Colorado Top Bar Assembly

Author avatarAKER | Last edit 9/12/2019 by Clementflipo

Aker ColoradoTopBar Final.jpg
The Colorado Top Bar is a beautiful beehive for your backyard, community garden or rooftop. Designed by our team in Colorado and inspired by the classic Kenyan Top Bar design, the CTB contains minimal parts and requires lost no equipment to harvest honey and wax. The CTB embraces natural beekeeping methods, allowing bees to build “natural” or “free” comb. Other styles of hive such as the Langstroth typically use pre-made plastic foundations or commercially produced wax comb.


The Open Source Beehives project is a collaboration between Fab Lab Barcelona and the Open Tech Collaborative. The project aims to build a global community of experienced and beginner beekeepers to share data and collectively study the disappearance of our bees. Around this data we hope to find evidence of the factors causing the problem, prove what they are, and adjust them.

This tutorial contains the information you will need to purchase, fabricate, and assemble your new Colorado Top Bar hive.


  • 01. Base Plate x1
  • 02. Roof Panel x2
  • 03. Entrance Door x1
  • 04. Back Legs x1
  • 05. Front Legs x1
  • 06. Gabel x2
  • 07. Follower Board x1
  • 08. Roof Beam x1
  • 09. Wedges x16
  • 10. Top Bars x16
  • 11. Side Panel x2

Download the design files on Github.


A CNC router is a computer-controlled milling machine. They are often used to manufacture custom cabinetry and are available in most metropolitan areas.

Check out the Maker Map to locate one in your city.

Step 1 - CNC milling and cut strategies

The hives have been designed to be cut using one standard size plywood board of 1220mm x 2440mm or 4 x 8 feet. This drawing shows the Cut Strategies that a machine operator will need to use with their own CAM software, (Computer Aided Manufacture). To help in the creation of the machine tool paths we have split the strategies into color coded layers and named them according to the strategy required.

See the ‘Nesting’ and ‘Cut Strategy’ files on Github.

We have created two file types for 20mm and for 19mm (0.75 inch) thickness boards. It is common for wood boards to have slight variations, so be careful to measure your wood before selecting the files. In these design every millimeter counts.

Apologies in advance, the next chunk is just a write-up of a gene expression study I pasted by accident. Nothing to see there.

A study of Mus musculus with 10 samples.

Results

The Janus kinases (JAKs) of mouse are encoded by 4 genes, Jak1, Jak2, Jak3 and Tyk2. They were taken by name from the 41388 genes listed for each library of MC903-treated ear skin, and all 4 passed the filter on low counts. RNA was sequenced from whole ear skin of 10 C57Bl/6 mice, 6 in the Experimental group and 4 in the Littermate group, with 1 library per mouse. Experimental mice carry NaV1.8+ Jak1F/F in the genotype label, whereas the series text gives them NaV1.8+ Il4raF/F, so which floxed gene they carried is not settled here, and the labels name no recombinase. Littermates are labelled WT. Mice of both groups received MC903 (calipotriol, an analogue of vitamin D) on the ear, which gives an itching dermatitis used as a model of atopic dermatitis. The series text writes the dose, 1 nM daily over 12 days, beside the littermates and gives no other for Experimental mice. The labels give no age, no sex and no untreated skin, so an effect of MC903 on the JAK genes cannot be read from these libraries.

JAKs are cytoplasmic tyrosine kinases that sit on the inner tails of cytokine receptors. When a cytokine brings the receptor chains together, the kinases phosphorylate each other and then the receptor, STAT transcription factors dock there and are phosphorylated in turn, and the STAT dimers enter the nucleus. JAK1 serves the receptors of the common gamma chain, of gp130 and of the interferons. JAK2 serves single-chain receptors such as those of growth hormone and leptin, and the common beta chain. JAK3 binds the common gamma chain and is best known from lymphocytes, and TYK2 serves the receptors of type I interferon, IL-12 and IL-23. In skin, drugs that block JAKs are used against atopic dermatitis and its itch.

Step 2 - Hive body

1. Lay the Back Legs flat on the floor and then place the two side panels into the corresponding slots.

2. Place the front legs into place

Step 3 - Wedges

3. Whilst still resting on the floor add the wedges to the lock joints of side panels. Leave them loose for now.

Step 4 - Base plate

4. Place the hive body in a horizontal position and add the wedges to the back feet panel.

5.Carefully push the Base plate in through the front entrance and be sure that it locates along the groves and into the slot on the inside of the back feet panel.

Step 5 - Moveable pieces

6. Add the Follower Board. Add as many top bars as needed for you colony size with the protrusion facing down.

Step 6 - Roof / Gable ends

7. Add the roof Panels making sure the angled cuts are verticle.

Step 7 - Roof beam

8. Add the Roof Beam. Add the wedges.

9. Give all the wedges a few taps with a hammer untill the Roof panels grip the Beam enough to create a compression fit.

Step 8 -

10. Place the roof onto the hive body by locating the Gable ends to the Feet. Locate one side first and then drop the next into place.

11. Use a table saw to cut 30 degree angles in each roof panel where they intersect the roof beam (measure the angle to doublecheck before cutting).

Step 9 -

The beehive is ideal for backyards, rooftops and large balconies. It can also be used in larger rural spaces. It is important that users consider the availability of forage (pollinating plants that honeybees can eat) and plant additional bee friendly plants if only a small amount is available. Keep in mind that bees patrol several miles outwards in each direction while foraging.

Notes and references

  • See also our Open Source beehives project, we're building a global network of citizen scientists to discover the reason bee populations are declining throughout the world.